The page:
Ohio (6-2) at (10) Kansas (9-0)

Mostly Cloudy Currently: Kansas City, MO
Temp: 63° F
  • Game info: 5:00 pm EST Sat Dec 15, 2007

After playing his first game in almost a month, the sophomore guard looks for some extensive minutes while helping the third-ranked Jayhawks remain undefeated when they face Ohio on Saturday at the Sprint Center as part of the Kansas City Shootout.

Collins scored six points—going 2-for-3 from 3-point range—in 13 minutes of Kansas’ 84-66 home victory over DePaul last Saturday. It was his first game since undergoing surgery for a stress fracture in his left foot on Nov. 12.

The 5-foot-11 guard, a starter to open the season, averaged a team-leading 16.0 points in the Jayhawks’ first two games before the injury was discovered after Kansas’ 85-62 win over Missouri-Kansas City on Nov. 11.

Though he missed six games, Collins—who scored 22 points in the team’s 107-78 season-opening win over Louisiana-Monroe—returned two weeks earlier than initially expected.

“We just felt that any day now he would be back out there,” Kansas guard Russell Robinson said. “He got in there for a little bit and his presence was definitely felt. He is one of our leaders and one of our offensive powers.”

Collins, who averaged 9.3 points and was a key contributor for last season’s 33-5 team that reached the regional finals of the NCAA tournament, will likely be eased back into Kansas’ talented lineup as the Jayhawks look to improve to 10-0 for the first time since 2004-05.

“We need him back so that we can have a full arsenal offensively,” Kansas coach Bill Self said. “We missed him.”

Though Collins will make the Jayhawks’ experienced lineup stronger, Kansas had little trouble getting by without him against a relatively easy non-conference slate.

Kansas showed its depth against DePaul as forward Sasha Kaun scored 15 points and Brandon Rush had 13 off the bench as he continues to recover from offseason knee surgery.

The Jayhawks shot 52.3 percent and benefited from a 24-1 first-half run against DePaul. It marked the fifth time they shot better than their 51.6 percent season average.

Kansas looks to continue its early success as it plays its first game in the new Sprint Center on Saturday. The Jayhawks hope to improve on their 185-74 record when playing in Kansas City - 38 miles from the Lawrence campus - as they face Ohio (6-2), which will try for its fifth straight victory.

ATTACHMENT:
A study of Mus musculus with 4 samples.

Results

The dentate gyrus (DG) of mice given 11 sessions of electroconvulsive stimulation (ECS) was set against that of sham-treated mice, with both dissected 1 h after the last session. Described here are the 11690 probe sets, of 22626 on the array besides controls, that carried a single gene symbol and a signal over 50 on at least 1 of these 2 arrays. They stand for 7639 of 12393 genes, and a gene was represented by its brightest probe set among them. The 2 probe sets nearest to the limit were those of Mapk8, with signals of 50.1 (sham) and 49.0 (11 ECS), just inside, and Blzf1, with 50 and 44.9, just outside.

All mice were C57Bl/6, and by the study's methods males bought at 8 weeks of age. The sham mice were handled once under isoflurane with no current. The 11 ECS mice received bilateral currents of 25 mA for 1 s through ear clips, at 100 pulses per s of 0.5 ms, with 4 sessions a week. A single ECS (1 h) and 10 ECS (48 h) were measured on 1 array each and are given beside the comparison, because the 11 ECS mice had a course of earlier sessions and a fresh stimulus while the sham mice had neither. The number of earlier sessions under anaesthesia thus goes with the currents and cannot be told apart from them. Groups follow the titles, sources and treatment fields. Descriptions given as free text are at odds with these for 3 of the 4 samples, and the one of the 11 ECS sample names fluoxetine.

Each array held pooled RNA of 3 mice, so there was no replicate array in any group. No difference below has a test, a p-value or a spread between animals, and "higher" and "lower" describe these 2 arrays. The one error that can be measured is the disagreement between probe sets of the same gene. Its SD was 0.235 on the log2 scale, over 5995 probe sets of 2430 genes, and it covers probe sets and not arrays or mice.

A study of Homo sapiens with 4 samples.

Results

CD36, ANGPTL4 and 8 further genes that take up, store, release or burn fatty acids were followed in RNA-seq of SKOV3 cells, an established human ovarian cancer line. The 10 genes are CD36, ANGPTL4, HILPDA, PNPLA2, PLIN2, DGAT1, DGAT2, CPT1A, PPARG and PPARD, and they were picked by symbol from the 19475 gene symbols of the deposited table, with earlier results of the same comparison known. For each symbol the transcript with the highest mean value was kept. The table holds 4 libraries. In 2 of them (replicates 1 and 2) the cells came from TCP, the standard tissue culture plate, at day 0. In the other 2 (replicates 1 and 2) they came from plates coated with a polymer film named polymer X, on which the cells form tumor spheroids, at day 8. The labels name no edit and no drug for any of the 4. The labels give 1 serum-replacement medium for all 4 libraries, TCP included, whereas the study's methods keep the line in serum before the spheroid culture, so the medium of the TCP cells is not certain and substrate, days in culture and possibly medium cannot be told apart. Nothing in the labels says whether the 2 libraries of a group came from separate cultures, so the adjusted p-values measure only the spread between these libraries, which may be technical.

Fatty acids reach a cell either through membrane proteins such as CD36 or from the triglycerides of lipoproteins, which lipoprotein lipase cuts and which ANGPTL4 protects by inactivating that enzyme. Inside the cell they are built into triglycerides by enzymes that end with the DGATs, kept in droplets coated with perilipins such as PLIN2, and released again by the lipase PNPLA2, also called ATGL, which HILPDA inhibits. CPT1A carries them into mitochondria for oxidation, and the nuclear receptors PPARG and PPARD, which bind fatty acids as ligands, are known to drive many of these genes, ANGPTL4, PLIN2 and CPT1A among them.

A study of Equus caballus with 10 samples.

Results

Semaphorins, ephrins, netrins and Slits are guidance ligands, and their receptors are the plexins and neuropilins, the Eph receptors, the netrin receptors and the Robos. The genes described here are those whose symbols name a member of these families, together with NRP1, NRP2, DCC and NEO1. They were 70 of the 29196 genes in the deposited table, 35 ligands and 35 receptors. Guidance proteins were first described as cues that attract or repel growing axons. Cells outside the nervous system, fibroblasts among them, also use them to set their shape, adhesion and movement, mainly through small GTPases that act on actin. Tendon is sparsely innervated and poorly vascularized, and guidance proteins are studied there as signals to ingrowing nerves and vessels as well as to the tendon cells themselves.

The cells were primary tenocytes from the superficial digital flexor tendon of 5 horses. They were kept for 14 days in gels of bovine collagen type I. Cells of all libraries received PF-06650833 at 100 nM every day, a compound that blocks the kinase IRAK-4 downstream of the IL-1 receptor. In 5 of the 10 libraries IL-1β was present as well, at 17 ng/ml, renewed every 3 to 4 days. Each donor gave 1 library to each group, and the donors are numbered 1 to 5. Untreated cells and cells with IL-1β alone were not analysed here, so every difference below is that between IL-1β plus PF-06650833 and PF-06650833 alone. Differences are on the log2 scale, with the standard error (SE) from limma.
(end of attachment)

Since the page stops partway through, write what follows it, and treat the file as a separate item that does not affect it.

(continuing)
“They play fast and they’re averaging over 70 points per game,” Self said of Ohio. “They switch defenses and that will be good for us because we haven’t played against a ton of teams that do that. It will be a good challenge for us.”

Ohio is coming off its biggest win of the season, 61-55 at Maryland on Wednesday. The Bobcats became just the fourth non-ACC team to beat the Terrapins on their home court in 19 seasons.

“This gives us momentum going into the game against Kansas,” said Ohio coach Tim O’Shea, whose team averages 76.6 points per contest. “I hope this gets their attention, and they might take us more seriously than they would have before this win.”

The Jayhawks are certainly aware of Ohio - picked third in the Mid-American Conference’s East Division - and must deal with forwards Leon Williams and Jerome Tillman.

Williams, who averages a team-leading 16.8 points and 10.0 rebounds, had 15 points and 15 boards against Maryland. Tillman, who averages 15.0 points, had 20 Wednesday. He’s averaging 18.5 points in his last two contests.

The Bobcats, whose two losses came by two points each at Holy Cross and Temple, will face their first ranked opponent of the season. Ohio has lost eight straight against Top 25 teams since winning 61-55 at then-No. 12 Syracuse on Dec. 4, 1998.

Saturday is the second meeting between these teams. Kansas won 49-38 on March 14, 1985 in the first round of the NCAA tournament.